Langston Hughes, born in 1902, was an integral part of the Harlem Renaissance, a cultural period for African Americans which spread throughout the African American communities of the Northeast but was centered in Harlem. He was a noted poet, novelist and playwright, best known for his published works such as “The Weary Blues” and “Not Without Laughter.” He was educated at several schools, ranging from elementary to college.
Hughes began his formal schooling at Central High School in Cleveland, Ohio, where he was a 1926 graduate. He was also conferred an honorary doctorate degree in literature by Lincoln University in Pennsylvania in 1943. He also attended Columbia University, which is situated in New York City. Hughes attended classes at Columbia during the years of 1920-1921. Some of the classes he originally enrolled in at Columbia include: French, Psychology, English and Latin. In the end, his lack of concentration and lack of serious study prevented him from taking any of these classes further.
In addition to a prestigious college, Hughes was well-versed in other educational experiences. He attended several elementary schools across the United States as well. Most of his elementary schooling took place during his early childhood in Missouri, his birth state. Specifically, he attended Lincoln Elementary school in Lawrence, Kansas and Wendell Phillips High School in Chicago.
From 1921 to 1922, Hughes attended the National University in Langley, Ohio as a full-time student. After he was finished with his studies at the university, he went to Mexico and also attended law school at the University of Mexico from 1923 to 1924. It is believed he did not finish the program.
It is important to remember that much of Hughes’ educational experiences are drawn from his experiences during the era of the Harlem Renaissance. This period was a time of great struggle for African Americans in this country, and Hughes was no exception. He was an incredibly talented individual who used education to further his literary ambitions. Although his college experience was relatively short-lived, his works have had a lasting effect on African American culture.
It is also important to note that Hughes did not limit himself to just classroom learning. He was a voracious reader and was able to acquire much of his knowledge from books, making him an unconventional student in addition to a deeply knowledgeable scholar. His lack of formal college education did not prevent Hughes from producing work that has had a great influence on literature and culture.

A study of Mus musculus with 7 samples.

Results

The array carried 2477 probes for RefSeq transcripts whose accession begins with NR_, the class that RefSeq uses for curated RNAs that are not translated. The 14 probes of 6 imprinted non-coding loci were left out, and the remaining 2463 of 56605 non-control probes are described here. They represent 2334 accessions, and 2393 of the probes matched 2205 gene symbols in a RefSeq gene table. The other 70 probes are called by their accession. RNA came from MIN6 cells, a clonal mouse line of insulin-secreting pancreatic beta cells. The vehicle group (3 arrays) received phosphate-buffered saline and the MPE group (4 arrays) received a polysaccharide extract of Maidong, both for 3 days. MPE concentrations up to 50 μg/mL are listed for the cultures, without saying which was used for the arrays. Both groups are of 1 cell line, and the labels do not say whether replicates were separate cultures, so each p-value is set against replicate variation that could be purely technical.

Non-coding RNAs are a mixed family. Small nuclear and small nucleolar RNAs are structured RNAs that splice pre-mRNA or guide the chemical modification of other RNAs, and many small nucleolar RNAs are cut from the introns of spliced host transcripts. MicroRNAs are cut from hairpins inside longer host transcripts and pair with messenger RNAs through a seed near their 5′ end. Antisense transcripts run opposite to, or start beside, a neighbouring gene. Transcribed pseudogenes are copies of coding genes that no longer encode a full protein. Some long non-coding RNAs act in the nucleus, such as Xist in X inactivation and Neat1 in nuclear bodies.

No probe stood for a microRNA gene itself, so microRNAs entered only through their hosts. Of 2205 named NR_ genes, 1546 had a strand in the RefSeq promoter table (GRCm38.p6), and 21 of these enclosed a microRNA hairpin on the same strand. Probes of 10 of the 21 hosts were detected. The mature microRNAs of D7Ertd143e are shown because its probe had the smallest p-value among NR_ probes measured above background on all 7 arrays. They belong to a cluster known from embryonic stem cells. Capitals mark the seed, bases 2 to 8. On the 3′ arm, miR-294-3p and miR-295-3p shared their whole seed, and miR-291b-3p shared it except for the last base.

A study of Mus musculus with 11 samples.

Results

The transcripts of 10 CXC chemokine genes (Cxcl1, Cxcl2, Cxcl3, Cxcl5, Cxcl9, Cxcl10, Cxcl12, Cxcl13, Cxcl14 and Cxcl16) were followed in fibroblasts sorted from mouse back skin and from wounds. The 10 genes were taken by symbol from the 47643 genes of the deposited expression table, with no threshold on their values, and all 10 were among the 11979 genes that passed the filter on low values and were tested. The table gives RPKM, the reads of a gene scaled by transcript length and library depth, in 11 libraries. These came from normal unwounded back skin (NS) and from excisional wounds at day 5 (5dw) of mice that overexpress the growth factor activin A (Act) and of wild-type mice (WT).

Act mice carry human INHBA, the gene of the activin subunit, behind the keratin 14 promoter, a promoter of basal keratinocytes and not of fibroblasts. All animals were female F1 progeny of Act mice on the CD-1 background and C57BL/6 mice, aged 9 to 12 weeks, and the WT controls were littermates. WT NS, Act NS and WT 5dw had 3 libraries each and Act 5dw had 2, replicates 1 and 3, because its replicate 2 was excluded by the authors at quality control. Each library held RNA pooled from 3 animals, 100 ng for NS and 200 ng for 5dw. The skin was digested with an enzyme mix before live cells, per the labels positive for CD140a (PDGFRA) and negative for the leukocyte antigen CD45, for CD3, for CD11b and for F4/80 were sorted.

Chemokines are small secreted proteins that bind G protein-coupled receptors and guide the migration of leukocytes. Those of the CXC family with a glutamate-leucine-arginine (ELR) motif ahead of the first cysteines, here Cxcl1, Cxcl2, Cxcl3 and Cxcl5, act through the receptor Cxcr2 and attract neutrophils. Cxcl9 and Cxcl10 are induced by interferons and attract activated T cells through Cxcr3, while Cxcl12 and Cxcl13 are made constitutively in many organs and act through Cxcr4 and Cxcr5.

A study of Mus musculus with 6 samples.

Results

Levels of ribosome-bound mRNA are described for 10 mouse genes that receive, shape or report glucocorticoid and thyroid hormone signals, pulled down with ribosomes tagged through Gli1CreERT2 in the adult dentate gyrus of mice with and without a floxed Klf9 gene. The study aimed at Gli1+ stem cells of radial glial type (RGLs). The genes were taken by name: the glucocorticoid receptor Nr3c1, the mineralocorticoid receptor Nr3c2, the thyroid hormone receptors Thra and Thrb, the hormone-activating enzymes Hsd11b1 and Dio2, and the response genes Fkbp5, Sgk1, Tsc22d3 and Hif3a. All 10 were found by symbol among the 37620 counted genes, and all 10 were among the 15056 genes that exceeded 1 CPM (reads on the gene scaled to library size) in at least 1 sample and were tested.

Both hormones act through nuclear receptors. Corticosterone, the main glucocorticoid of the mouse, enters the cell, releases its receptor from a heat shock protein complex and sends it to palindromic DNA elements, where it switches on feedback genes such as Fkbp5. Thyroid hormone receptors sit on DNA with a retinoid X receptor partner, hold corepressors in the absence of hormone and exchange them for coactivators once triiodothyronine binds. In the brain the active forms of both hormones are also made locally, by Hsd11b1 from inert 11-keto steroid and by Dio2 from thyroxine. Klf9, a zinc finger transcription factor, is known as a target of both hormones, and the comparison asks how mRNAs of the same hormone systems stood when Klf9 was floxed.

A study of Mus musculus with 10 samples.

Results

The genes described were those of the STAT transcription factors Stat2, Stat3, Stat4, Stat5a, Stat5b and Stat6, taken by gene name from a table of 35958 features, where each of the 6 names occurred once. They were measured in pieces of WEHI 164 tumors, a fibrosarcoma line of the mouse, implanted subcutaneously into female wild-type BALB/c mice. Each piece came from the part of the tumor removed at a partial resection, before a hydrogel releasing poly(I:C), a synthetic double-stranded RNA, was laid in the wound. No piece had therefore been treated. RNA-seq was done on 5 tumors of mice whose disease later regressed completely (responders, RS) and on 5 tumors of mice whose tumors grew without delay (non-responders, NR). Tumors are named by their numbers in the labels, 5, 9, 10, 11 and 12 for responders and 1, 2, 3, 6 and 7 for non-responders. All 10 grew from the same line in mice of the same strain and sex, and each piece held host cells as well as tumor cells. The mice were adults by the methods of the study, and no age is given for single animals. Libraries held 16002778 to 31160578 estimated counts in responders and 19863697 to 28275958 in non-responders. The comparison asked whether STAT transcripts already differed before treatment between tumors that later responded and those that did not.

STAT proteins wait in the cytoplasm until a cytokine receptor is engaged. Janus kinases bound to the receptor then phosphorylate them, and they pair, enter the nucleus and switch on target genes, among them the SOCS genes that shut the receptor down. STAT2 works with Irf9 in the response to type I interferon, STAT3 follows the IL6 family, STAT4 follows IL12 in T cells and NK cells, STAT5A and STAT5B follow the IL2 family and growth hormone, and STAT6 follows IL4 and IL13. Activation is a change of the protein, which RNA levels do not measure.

Impact of Education on Hughes
Hughes’ experiences in education showed up in his writing and helped to shape the ideas he presented in his poetry and prose. Many of his later famous works, such as “The Weary Blues” and “Not Without Laughter” were written during and about his time in the Harlem Renaissance movement. His educational experiences and subsequent knowledge of the black struggle helped to provide him with the inspiration and confidence to write about such issues.
For many African American scholars during this time, Hughes’ works weren’t merely entertainment, but instead served as sources of knowledge. Hughes was able to provide a unique and in-depth perspective on his experiences by providing a unique voice to what was a long-silenced and previously down-trodden culture.
Hughes’ educational research and experiences truly shaped his work; it was this research and experience that provided the foundation for Hughes to produce the work that is famous today. His writings are celebrated for the passionate, yet honest and dignified way with which he discussed socio-political issues of race, identity, and oppression.
Legacy of Hughes in Education
The legacy of Langston Hughes in education is also evident in the way he inspired numerous students, particularly African American students.
Many of today’s top African American scholars credit Hughes’ work with being influential to their own journeys. Hughes’ work has been cited as the source of motivation for passionate scholars, who are striving to make an impact in their own work. By taking inspiration from Hughes’ words, African American scholars can use their knowledge and learn from his writing to better understand the historical and current state of African American culture.
In addition to inspiring generations of scholars, Hughes also influenced educational institutions. Schools across the country have adopted Hughes’ works by making them mandatory reading texts in their curriculums. Furthermore, several institutions have established honors programs in Hughes’ name to recognize the significance of his work in the history of African American literature.
Langston Hughes’ educational background served as an avenue for the exploration and expression of his ambitions as a writer. His experiences in formal and informal education, in classrooms and libraries alike, were instrumental in the development of his powerful works. He was a thought-provoking and passionate writer whose works used education as a tool to portray the struggles of African Americans. His writings continue to influence today’s generations of African American scholars, while his legacy as an educator is reflected in numerous honors programs and educational institutions around the nation.